The Forbidden Internet


In the days of Pluto being a planet and people not putting weird sheet in coffee, there were newspapers, TV and radio representing media, and phones and letters representing communication between people. The privacy of communication and the right to say things were generally respected: phone companies wouldn't butt into your right to express opinions and wouldn't have to carry responsibility for your speech, either. Media channels could choose which ads and stories they would publish, but they also assumed responsibility for everything they aired or printed. Pretty simple and fair, isn't it?

Power in oversensitive hands

A muscular man without a shirt lifting a kettle ball in front of a red log house.

These days giant media corporations use bots to monitor your private messages, filter triggering or otherwise unwanted content (even if it's entirely legal and doesn't hurt anyone) but wash their hands off the case when they let actual plans to commit crime go unchecked. Sounds like having the cake and eating it, too! Too bad for the rest of us, though.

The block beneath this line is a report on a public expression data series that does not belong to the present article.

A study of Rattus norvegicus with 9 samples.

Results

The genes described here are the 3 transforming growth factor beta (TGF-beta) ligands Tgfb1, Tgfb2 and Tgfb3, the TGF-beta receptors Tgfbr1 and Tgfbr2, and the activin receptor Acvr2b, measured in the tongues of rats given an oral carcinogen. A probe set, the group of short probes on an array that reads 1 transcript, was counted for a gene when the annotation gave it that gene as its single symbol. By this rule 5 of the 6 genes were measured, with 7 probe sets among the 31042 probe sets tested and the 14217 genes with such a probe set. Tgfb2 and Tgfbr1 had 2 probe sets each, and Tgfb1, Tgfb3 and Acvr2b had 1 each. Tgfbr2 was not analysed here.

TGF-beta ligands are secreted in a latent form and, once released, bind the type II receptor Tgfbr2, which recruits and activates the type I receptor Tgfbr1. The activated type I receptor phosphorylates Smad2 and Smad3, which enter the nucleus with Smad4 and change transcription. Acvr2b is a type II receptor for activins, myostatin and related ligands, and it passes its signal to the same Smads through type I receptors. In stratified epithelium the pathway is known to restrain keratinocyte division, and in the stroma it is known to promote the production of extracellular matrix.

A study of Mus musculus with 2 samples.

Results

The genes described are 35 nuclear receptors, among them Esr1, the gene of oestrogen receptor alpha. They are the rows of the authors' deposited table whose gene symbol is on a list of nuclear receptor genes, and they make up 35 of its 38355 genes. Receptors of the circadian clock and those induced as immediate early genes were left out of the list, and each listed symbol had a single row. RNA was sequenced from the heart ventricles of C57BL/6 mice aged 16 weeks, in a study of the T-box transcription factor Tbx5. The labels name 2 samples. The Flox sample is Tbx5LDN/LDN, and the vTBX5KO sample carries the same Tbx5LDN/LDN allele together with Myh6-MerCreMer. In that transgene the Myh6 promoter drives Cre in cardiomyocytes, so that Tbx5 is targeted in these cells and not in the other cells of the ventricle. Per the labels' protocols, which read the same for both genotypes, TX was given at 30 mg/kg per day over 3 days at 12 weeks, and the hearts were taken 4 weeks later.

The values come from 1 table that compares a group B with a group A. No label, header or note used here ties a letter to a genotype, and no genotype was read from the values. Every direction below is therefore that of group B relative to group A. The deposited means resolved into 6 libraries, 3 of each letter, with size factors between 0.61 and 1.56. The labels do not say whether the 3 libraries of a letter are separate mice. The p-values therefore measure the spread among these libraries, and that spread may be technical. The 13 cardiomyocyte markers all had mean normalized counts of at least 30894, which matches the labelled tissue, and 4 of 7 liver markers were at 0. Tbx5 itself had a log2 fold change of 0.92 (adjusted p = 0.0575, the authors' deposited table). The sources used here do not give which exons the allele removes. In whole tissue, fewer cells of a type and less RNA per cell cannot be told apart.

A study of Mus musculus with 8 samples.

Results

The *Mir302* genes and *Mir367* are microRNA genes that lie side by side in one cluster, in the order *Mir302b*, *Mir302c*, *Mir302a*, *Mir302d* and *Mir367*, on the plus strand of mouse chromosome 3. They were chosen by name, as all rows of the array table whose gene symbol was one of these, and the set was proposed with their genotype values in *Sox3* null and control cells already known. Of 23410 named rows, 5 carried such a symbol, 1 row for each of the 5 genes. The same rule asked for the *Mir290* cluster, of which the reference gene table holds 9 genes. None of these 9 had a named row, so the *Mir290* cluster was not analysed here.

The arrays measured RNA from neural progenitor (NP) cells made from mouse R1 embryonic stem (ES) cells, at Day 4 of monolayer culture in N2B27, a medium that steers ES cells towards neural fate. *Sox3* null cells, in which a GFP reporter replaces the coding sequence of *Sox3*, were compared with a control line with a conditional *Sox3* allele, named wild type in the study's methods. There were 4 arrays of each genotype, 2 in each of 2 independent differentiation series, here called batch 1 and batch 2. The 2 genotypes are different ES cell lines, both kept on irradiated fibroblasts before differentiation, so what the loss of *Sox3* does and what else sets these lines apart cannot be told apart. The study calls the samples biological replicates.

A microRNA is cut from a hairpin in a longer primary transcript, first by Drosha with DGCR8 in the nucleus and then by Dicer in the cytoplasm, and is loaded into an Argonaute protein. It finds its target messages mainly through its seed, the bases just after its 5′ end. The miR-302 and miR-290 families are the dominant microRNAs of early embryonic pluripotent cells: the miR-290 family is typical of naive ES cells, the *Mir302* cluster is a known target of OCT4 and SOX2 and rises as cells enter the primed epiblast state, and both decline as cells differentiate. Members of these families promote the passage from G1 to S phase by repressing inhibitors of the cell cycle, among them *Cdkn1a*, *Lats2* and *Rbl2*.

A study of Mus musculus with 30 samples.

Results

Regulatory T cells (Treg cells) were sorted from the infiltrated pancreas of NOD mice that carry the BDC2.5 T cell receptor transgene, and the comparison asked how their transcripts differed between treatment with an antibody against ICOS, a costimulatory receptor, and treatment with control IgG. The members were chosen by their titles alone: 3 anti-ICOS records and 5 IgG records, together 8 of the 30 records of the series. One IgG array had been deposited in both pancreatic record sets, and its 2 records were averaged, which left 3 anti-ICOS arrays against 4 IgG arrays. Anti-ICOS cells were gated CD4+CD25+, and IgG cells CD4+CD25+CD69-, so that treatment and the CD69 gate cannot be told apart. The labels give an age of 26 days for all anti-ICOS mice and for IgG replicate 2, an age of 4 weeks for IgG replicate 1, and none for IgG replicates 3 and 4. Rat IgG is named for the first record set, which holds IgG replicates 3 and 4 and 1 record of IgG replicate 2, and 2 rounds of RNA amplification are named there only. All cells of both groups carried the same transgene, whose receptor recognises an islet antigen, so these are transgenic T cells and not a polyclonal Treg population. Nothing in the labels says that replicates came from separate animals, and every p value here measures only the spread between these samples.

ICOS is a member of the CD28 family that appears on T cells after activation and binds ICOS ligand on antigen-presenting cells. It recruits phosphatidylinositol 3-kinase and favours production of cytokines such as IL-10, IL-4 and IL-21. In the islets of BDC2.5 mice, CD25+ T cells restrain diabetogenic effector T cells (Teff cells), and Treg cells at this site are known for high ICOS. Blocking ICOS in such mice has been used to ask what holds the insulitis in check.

Take the picture above, for example. A sight to behold, isn't it? But if we 'shopped female nipples on Fruity Rudy - or his nipples on a female, we forgot which way the forbidden thing is - we'd be kicked in the nuts by certain companies for violating their precious little policies.

Play along

Where is this rabbithole heading? Bear with us, just take one more step and you'll be close. Keep going! The game is what it is: certain words have to be behind so many clicks to protect the feelings of corporate snowflakes. We'll play along for now, but when we achieve Total World Domination, things are going to change.

Varusteleka boxes on a conveyor belt with different colored warning stickers on them.